Sunday, January 23, 2011

Message #10 - You are a Prisoner of Your Beliefs!

This is one in a series of messages:

Reality is what you take to be true. What you take to be true is what you believe. What you believe is based upon your perceptions. What you perceive depends upon what you look for. What you look for depends upon what you think. What you think depends upon what you perceive. What you perceive determines what you believe. What you believe determines what you take to be true. What you take to be true is your reality.

You are a Prisoner of Your Beliefs!

I know you are a broad-minded person. Sure, you’re willing to let me challenge your point of view. Of course you look at all sides of every issue and don’t try to prove that how you see it is the right way to see it. No one would possibly think that you have a strongly held belief system to which you are attached.

Yeah, right!

Don’t be offended. You’re about as broad-minded as the rest of us. You see the world through a prism that you have created. The prism consists of countless decisions you’ve made about how things are. So when you look – at a situation, a person, the world, you don’t have a choice. You are looking through your customized prism, i.e., your beliefs.

To be abstract, if your prism is colored red and I tell you to look at the beautiful blue sky, you will say, with total honesty, that what you see is a red sky.

You don’t live life in the abstract, however. So when you talk with a person who you have decided is boring, that person will bore you. If you see someone else who your belief prism tells you is interesting, you will pay attention to what she says.

Now notice something. These are not new beliefs that occur to you in the moment. Your beliefs are decisions from the past that now appear as reality in the present. Sure, at some point, when you first met the boring person, you did have a choice. You could decide what you thought about him. And you did, probably instantly. He’s boring. And that became the truth for you.

And yes, you have the power to replace a boring prism with an interesting prism, but you rarely do that. That would mean you are admitting you’ve made a mistake, that you have been wrong. And you’d rather retain your belief than question the accuracy of it. You are locked in, imprisoned.

It’s worse than that. It you remember you have a choice and can change your opinion that would be useful. But you forget you have that power and instead operate on automatic. Without thinking, you respond in a way that is consistent with the previous conclusions you’ve reached.

So the boring remains boring. And the interesting remains interesting. Which serves to validate and reinforce your beliefs. It’s called a vicious circle. Thus, the future turns out to be very much like the past. Things tend to repeat themselves. As Edna St. Vincent Millay said:

Life is not one thing after another,

It’s the same damn thing over and over again.

You live in a culture that worships answers. And because you want to be seen as a valued member of the group, you go along to get along. You become an Answer Worshipper just like everyone else. You develop a point of view. You want to understand. You don’t realize that when you say you “understand” something you’ve given up on other ways of seeing it. Your beliefs become self-imposed limitations. Your beliefs have you by the throat.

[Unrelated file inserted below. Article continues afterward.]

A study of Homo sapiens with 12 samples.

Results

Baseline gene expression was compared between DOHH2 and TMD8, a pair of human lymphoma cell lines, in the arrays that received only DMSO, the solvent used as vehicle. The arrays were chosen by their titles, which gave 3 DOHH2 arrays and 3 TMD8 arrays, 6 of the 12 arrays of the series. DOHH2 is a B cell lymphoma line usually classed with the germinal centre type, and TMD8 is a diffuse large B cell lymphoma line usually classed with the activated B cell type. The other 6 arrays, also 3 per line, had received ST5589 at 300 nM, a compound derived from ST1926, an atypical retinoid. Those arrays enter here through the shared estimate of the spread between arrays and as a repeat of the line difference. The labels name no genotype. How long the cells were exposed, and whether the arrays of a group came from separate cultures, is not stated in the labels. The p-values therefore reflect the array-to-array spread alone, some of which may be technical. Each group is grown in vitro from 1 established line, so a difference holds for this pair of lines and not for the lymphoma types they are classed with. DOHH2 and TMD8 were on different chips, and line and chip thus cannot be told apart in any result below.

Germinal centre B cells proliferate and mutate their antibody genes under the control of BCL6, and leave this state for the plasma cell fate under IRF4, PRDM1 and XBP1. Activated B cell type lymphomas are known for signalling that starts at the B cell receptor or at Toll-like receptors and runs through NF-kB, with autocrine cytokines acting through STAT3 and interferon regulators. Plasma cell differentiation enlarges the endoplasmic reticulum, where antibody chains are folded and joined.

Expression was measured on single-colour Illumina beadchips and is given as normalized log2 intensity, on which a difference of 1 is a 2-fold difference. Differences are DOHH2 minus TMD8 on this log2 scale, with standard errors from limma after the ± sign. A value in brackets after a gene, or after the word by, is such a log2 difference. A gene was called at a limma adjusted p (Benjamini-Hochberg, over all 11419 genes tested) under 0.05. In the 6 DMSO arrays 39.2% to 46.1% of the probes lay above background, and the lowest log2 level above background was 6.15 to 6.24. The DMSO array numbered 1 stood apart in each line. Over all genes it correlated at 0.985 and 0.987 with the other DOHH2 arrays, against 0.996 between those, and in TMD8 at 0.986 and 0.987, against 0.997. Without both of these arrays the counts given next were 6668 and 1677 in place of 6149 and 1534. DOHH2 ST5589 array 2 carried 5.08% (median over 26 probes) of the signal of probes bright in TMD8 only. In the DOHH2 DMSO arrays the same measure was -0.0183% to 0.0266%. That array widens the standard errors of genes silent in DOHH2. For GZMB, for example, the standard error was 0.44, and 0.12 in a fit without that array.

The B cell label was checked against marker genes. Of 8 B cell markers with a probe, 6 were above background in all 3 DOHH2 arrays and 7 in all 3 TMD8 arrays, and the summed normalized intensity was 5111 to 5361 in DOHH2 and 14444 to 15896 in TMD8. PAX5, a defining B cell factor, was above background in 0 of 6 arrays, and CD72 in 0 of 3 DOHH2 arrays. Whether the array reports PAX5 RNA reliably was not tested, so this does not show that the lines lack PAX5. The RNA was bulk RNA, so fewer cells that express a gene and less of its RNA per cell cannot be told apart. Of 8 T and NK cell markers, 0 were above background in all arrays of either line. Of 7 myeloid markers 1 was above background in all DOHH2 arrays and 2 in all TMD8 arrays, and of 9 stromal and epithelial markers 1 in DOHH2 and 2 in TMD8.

You shouldn’t win the gold medal for having the best answers. It should go to those with the best questions. But here’s the problem. The longer you’re alive, the more educated you become, the more attached you are to how much you know, all that creates a conspiracy that has you focus on the answers and lose sight of the questions.

Kids ask the best questions. At a Children's Science Workshop in San Francisco, a teacher asked 3rd and 4th grade students to write down things they wonder about:

  • "How can the plug get electricity from the plug hole?"
  • "I wonder about where the toilet water, pee and poo goes to."
  • “I wonder how a bullet is strong enough to kill someone.”
  • “Why are we going to die?”
  • "I wonder how cell phones could communicate with other cell phones by having an antenna."
  • “I wonder how airplanes don’t fall on the ground even though there is still gravity.”
  • “Who was the first person alive?”
  • “I wonder why girls and boys act different.”
  • “How do you make an iPod?”
  • “Who made up words?”

If I had asked you to come up with ten questions, could you have done as well as these eight year olds?

You may be out of practice at asking questions, but at some point back in the day you were good at it. Fortunately, it’s not too late to rehabilitate your ability. Your biggest challenge will be to put your love of answers on hold.

Don’t jump to a quick conclusion here. I didn’t say answers are bad. Or that you shouldn’t have points of view. Or that it is useless to understand. Not at all. I want you to see that when you rely on predetermined conclusions, assumptions or presuppositions about some one or some thing you limit your freedom to think creatively with fresh eyes.

You’re in charge of what you believe. You didn’t inherit them. You made them up. You put them in place. You’re the one who says they’re true. So you’re the one who can question them and change them if you choose to.

You always have a Get Out of Jail card at your disposal. You don’t have to be a prisoner of your beliefs!